Ambient music filled the air around a luminescent dome of leaves and sticks as onlookers explored the mysterious Waller Creek Monster Habitat.
The display is one of the light sculptures that make up Waterloo Greenway Conservancy’s Creek Show, which started Nov. 7 at Waller Creek between 9th and 12th streets. A team of students at Texas Applied Arts, a program of UT’s College of Fine Arts, created Waller Creek Monster Habitat in reference to the show’s mascot. Meredith Bossin, the Waller Creek Conservancy’s director of engagement, said this is the first student group to contribute in the show’s six-year run.
“Every installation has to take some point of inspiration from the creek,” Bossin said. “It could be about the history or something about the environment. How the artists wanted to tell the story in the pieces are all different and diverse in design, and that was what we were looking for.”
Karen Maness, scenic art supervisor with Texas Performing Arts, said the interdisciplinary team created the light display as part of her design projects class. After the light show ends on Nov. 17, Maness said she wants to install the sculpture along Waller Creek near the College of Fine Arts on Earth Day next year. She said the installation might help students connect more with nature, which could relieve some of their anxiety.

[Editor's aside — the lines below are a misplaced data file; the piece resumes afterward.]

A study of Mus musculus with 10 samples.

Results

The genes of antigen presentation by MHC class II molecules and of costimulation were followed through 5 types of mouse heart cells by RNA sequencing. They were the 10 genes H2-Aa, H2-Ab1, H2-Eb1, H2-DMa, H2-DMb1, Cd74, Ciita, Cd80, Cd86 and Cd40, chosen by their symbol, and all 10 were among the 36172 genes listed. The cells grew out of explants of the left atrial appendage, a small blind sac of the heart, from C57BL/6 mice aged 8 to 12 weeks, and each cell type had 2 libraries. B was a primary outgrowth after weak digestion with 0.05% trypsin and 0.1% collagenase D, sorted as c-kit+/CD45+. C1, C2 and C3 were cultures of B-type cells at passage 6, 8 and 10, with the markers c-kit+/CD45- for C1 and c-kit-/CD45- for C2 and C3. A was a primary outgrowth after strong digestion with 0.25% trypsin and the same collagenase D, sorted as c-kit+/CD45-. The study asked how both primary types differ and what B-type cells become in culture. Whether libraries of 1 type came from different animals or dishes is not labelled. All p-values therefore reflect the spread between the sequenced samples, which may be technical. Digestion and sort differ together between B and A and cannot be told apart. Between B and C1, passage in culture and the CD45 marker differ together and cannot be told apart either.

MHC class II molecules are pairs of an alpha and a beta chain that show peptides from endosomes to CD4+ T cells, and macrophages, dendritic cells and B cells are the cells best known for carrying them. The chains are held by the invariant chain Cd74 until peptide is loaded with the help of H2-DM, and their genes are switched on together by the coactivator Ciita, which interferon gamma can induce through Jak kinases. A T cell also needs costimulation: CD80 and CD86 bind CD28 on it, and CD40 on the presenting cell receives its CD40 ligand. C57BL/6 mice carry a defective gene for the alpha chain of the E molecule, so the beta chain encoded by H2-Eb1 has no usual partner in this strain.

“There is a pretty serious anxiety epidemic happening with contemporary college students, and we are looking for some solutions to that,” Maness said. “We want to use this art installation to draw attention to this complex riparian habitat that is in our backyard.”
The dome is crafted out of natural materials, string lights, glass bulbs and steel framing. Black lights around the dome create the illusion that it is glowing, and six eyes occasionally light up from under the foliage, alluding that the creek monster is watching onlookers. Bossin said the UT sculpture was mainly looking to expand on the folklore surrounding the creek and the creatures living there, and this was what made its concept so unique.
“The UT Creek Monster Habitat is exploring what the little critter is,” Bossin said. “They really wanted to develop some of the story around the creek and inspire people’s intrigue.”
Theater graduate student Samantha Cole said her lighting team designed the eyes. She said the team wanted the eyes to blink, but they had to modify the original concept because of environmental and spatial constraints. Although she could not create her original vision, she said watching people react and interact with the display was rewarding enough.
“There was a little kid who pointed at the eyes and said, ‘Mom, there!’” Cole said. “And of course, by the time mom turned around they had turned off again and turned on somewhere else, and the kid ran all over pointing them out. That was the moment I realized we had succeeded, and people were excited to see the monster was home.”